Composer John Williams is not a droid, a Jedi or a Wookie. He's certainly not from a galaxy far, far away.
But the symphonic soundtracks the 67-year-old Williams scored for each film in the classic "Star Wars" series -- including the soon-to-be-released "Star Wars: Episode One -- The Phantom Menace" -- are as essential to the sci-fi movies as the bizarre creatures that come to life on the silver screen, fans said.
"The soundtracks have almost been like another character in the movies; that's why [some] people don't want to hear the new music in advance," David Creighton, 37, said, as he waited in line for the "The Phantom Menace" in front of a Manhattan, N.Y., movie theater Sunday night. The Linden, N.J., resident was there 10 days before the film's release.
The "Phantom Menace" soundtrack, released May 4, is selling well; it is likely to end up in the top five of this week's Billboard 200 albums chart, according to retailers.
But oddly enough, an even more convincing sign of the music's importance to "Star Wars" fans may be that many are purposely avoiding it, at least until the movie's May 19 debut. Why spoil the fun? they say.
Aaron Savage, a 32-year-old Manhattan resident who was also in line for the film's first showing, said hearing the soundtrack, or even a discussion of it, might ruin the experience of the movie. The soundtrack adds to the mythology-inspired sci-fi story of the Jedi warriors battling the Evil Empire.
Similar sentiments prevailed in Los Angeles, where fans also waited in line. Camping outside a theater like the crew in New York, the "Star Wars" fanatics in Tinseltown held what they have termed a "standathon," in part to raise money for the Starlight Foundation, which helps seriously ill children.
Corey Levin, 25, of Burbank, said that while he's a fan of previous "Star Wars" soundtracks, he is "avoiding hearing this one because I want to experience it in its entirety in the movie."
But Creighton, hiding beneath a baseball cap with the large green ears of the wise, grandfatherly character Yoda attached, said he succumbed to temptation and bought the new soundtrack album on its day of release.
He called the score "very emotional, very powerful," and praised an element that was much less prominent in previous "Star Wars" soundtracks -- the use of choral music on tracks such as "Duel of the Fates" (RealAudio excerpt).
For some, the soundtrack may be hard to avoid, since a music video for "Duel of the Fates," featuring movie scenes and dialogue soundbites, is in rotation on MTV and VH1.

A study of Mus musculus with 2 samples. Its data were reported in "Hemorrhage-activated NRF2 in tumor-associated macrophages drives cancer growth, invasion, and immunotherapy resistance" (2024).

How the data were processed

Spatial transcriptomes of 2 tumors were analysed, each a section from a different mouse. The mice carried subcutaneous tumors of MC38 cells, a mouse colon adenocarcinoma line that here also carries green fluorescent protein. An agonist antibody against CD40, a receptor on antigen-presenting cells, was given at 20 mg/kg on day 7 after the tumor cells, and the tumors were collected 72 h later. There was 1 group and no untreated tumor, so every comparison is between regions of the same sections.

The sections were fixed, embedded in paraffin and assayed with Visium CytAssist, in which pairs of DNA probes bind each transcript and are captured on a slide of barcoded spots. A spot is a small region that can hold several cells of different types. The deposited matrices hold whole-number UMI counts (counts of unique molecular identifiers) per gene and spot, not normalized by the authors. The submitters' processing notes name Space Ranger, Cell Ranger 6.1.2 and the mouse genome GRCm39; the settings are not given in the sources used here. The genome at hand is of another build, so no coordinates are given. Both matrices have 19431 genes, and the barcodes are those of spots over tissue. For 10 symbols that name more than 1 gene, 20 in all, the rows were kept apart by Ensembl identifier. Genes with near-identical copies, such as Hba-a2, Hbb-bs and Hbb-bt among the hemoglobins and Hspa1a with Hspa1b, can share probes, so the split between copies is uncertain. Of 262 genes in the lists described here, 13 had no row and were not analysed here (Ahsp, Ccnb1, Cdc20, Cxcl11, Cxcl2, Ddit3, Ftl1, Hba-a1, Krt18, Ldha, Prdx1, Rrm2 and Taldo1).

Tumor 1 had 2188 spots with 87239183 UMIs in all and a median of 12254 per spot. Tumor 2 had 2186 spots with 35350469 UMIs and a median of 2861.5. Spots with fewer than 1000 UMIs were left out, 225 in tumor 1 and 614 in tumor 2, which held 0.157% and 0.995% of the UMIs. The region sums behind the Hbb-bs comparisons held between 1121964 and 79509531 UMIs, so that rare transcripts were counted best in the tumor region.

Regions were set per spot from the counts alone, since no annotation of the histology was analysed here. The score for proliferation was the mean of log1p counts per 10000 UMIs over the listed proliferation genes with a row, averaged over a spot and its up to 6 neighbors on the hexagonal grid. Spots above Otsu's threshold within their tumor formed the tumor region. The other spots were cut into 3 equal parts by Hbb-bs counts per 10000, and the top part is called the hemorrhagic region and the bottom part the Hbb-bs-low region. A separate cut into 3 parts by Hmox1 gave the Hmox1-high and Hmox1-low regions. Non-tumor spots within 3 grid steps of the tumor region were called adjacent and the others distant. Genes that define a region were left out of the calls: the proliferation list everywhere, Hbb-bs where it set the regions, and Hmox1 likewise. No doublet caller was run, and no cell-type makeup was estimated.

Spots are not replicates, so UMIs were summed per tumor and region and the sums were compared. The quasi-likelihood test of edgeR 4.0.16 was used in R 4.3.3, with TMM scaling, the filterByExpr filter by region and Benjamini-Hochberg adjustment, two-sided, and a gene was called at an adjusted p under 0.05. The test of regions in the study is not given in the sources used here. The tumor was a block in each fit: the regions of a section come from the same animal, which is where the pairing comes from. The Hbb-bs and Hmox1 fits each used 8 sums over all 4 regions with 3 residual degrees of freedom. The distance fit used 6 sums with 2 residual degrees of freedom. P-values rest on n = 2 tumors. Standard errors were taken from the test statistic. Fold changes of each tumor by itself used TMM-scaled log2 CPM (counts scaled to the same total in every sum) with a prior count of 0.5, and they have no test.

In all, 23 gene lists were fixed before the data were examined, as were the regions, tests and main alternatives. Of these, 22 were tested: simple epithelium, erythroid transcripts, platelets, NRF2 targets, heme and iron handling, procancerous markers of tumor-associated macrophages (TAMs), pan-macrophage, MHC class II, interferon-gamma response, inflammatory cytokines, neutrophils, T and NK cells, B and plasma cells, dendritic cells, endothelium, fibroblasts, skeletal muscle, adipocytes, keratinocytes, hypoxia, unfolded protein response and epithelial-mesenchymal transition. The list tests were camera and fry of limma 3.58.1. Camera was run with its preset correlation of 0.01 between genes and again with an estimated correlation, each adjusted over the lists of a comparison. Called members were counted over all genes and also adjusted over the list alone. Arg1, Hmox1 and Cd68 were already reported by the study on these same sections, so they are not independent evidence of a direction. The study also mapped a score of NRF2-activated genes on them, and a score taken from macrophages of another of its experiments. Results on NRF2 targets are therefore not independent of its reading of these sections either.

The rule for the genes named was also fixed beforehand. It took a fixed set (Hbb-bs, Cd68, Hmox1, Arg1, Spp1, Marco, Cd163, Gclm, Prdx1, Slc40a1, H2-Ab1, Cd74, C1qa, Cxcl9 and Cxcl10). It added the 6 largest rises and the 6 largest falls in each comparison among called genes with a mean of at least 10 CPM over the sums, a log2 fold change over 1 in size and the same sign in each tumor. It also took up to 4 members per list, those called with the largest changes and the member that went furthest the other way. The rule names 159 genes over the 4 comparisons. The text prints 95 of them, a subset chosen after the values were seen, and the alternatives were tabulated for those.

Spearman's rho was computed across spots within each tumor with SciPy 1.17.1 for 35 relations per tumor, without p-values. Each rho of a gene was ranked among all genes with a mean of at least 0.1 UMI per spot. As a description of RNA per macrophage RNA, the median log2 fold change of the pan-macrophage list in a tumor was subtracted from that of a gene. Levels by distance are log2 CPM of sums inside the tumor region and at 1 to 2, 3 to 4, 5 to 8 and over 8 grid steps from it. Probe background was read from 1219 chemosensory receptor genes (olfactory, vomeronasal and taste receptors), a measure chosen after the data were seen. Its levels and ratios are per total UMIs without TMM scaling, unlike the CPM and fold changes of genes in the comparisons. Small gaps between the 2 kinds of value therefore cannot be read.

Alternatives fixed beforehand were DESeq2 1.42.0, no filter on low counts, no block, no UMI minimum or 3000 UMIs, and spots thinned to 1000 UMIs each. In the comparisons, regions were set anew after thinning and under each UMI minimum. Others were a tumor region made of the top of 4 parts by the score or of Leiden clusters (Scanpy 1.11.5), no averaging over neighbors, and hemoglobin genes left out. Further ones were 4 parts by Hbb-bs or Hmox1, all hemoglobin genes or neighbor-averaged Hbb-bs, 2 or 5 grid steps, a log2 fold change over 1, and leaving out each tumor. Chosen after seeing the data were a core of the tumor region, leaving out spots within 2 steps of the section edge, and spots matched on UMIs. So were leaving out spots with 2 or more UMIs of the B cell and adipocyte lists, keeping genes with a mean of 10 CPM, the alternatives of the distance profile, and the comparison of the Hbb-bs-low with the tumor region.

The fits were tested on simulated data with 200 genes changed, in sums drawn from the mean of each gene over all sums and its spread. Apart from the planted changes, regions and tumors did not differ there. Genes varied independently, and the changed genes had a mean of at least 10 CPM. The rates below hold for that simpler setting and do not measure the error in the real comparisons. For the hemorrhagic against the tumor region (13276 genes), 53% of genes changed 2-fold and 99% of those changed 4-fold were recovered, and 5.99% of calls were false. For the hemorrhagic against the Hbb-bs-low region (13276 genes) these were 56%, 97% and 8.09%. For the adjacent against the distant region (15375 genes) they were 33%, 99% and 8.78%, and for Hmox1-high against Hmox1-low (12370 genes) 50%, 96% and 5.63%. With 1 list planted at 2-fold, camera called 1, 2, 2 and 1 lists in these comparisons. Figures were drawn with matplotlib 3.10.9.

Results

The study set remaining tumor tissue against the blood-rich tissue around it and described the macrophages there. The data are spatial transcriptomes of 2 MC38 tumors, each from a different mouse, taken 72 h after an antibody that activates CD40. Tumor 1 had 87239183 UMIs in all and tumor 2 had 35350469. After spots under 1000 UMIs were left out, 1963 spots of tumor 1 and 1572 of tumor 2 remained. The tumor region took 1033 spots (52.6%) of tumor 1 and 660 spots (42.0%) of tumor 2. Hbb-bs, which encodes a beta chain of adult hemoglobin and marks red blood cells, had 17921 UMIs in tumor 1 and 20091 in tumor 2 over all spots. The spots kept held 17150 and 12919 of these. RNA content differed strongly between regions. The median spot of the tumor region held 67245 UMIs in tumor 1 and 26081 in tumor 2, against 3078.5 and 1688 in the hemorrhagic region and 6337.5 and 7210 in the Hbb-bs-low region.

In an online chat with fans last week on the website TalkCity, Williams -- who also composed the scores for such blockbuster films as "Superman" and "Raiders of the Lost Ark" -- said he was glad symphonic music was receiving airplay on pop-oriented outlets.
Even with such high-profile exposure, sales of the "Phantom Menace" soundtrack haven't yet peaked, said Joe Kvidera, general manager of Chicago's Tower Records.
"When millions and millions of people see the movie, then you'll really see sales," Kvidera said. For now, the soundtrack was the third-best-selling album in his store last week, he said.
In addition to the use of choruses (which on "Duel of the Fates" are sung in Sanskrit), the "Phantom Menace" soundtrack is notable for its recasting of familiar musical themes from the previous Star Wars movies, "Star Wars" (1977), "The Empire Strikes Back" (1981) and "Return of the Jedi" (1983).
"Anakin's Theme" -- written for the character of Anakin Skywalker, a young boy fated to grow up to be the "Star Wars" villain Darth Vader -- combines old melodies with new, Williams said in the chat.
"I wanted some of the innocence of childhood, [but] I also wanted to give a hint of what was to come, by threading slight suggestions of the Darth Vader Imperial March into the innocence of the theme," Williams explained.
The original "Star Wars" soundtrack inspired a hit disco version of the movie's majestic main theme during the dance-club craze in the '70s. At least one similar spin-off is apparently in the works for the "Phantom Menace" soundtrack, according to Tower Records' Kvidera.
An as-yet-unreleased dance-mix single is already being marketed to stores, he said.
Travis Hiner, 27, wasn't wasting any time getting familiar with the new score. He spent hours listening to the soundtrack while camping out for almost a week in front of the Coronet Theater in San Francisco.
"I like it," Hiner said. "It's all original stuff, except for a couple songs. I was kind of hoping it would be a two-CD set."
(Contributing Editor Teri vanHorn contributed to this report.)